The ancient Moroccan city offers a sensory explosion of colour, sound, sights, and mouthwatering menus
When I first visited Marrakech 12 years ago, I stayed in a traditional riad that had undergone a magnificent renovation in the hands of its new owner, a British lawyer. It seemed to me the height of glamour. We had candle-lit dinners every night, accompanied by the drums and bugles in the Jemaa el-Fna, and drank unexpectedly good Moroccan Syrah on the roof – both things that are well worth repeating today. But the pink city has evolved considerably over the last decade, combining its ancient and mysterious exotic side with an artfully considered modernity that’s bang up to date. Mandarin Oriental, Marrakech reflects this new direction, providing an elegant and tranquil oasis just minutes from this bustling city’s centre.
The Saddian Tombs
Take a stroll through Yves Saint Laurent’s iconic Jardin Majorelle, with its eye-popping licks of lapis lazuli and daffodil yellow paint, and you’ll find the star-speckled cupola of the Berber Museum, which showcases exquisite handicrafts by tribes from the Rif to the Sahara as well as a re-imagined gift shop by creative director Stephen di Renza. Across the road, 33 Rue Majorelle stocks designer goods for home and wardrobe, including candy-coloured knitted totes for carrying it all home. Head back to the Medina for a light lunch and a glass of wine within the shiny new boutique at Vanessa Branson’s artsy El Fenn. Here the focus is on local artisans – chunky Atlas wool blankets, jewel-coloured table linens and orchard-wood serving platters – as well as vintage pieces and one-of-a-kind, hand-stitched kaftans by Norya Ayron.
Maison de la Photographie
While you’re in the Medina (near Mandarin Oriental) don’t miss the opportunity to ponder the opulent Saadian Tombs, final resting place of 60 members of the Saadi dynasty that ruled Morocco from 1554 to 1659. If this is them in death, just imagine the glory in life… The Ben Youssef Madrasa (1557 to 1574) is one of the city’s many Koranic schools, but none so dazzling as this 132-room pile of gigantic cedarwood doors, Italian marble, richly carved plaster, colourful friezes, bronze fountains and a glazed-tile reflecting pool: Islamic architecture at its most glorious. Finish off at the Maison de la Photographie, where images taken all over Morocco from 1870 to 1950 reveal another place and time. Revive with a mint tea and fabulous views of the Atlas Mountains from the roof.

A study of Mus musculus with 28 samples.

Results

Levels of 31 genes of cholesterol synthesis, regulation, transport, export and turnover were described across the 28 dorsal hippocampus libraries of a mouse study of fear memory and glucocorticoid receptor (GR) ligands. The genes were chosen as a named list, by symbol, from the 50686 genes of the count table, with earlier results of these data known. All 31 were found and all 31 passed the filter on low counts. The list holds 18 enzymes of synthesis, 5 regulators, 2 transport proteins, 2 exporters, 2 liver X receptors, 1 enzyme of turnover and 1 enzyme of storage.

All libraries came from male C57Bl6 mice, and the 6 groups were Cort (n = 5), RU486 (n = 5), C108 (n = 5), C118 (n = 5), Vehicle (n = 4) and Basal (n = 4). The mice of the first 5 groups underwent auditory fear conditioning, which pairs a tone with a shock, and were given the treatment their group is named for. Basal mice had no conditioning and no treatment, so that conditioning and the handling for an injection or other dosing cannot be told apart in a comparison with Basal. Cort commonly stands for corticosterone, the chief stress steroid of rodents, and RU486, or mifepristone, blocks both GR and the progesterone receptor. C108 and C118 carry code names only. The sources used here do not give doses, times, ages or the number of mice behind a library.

While the evening food market on the Jemaa el-Fna is essential for any globetrotting gourmet, lunch and dinner are no longer limited to couscous or tagine. At Nomad, Kamal Laftimi and Sebastien de Gzell have created the city’s answer to Ottolenghi, inspired by local markets, and run pop-ups three or four times a year with chefs from restaurants such as Quay in Sydney and Frenchie in Paris. In Guéliz, Bagatelle is a French bistro of the old guard, serving excellent leek vinaigrette, steak frites and veal tongue with cream and capers in a setting that whisks you back to fifties Paris. In the hands of the venerable Yannick Alléno, consulting chef at La Grand Table Française, French-Moroccan fusion becomes fine dining extraordinaire.
The best drinks in town are still served upstairs at the Grand Café de la Poste. Going strong since 1925, the first-floor salon is a sultry blend of gleaming wood panels and leather sofas, where ’Kech’s movers and shakers start and end the night. In between the ancient Medina and the increasingly sophisticated Ville Nouvelle, the Kasbah is finally growing legs thanks to the arrival of Café Clock, which hosts an extraordinary storytelling night on Thursdays. Led by the head of the Jemaa el-Fna storytellers’ association, the translated fables provide an insight, lest we forget, into the Marrakech that was.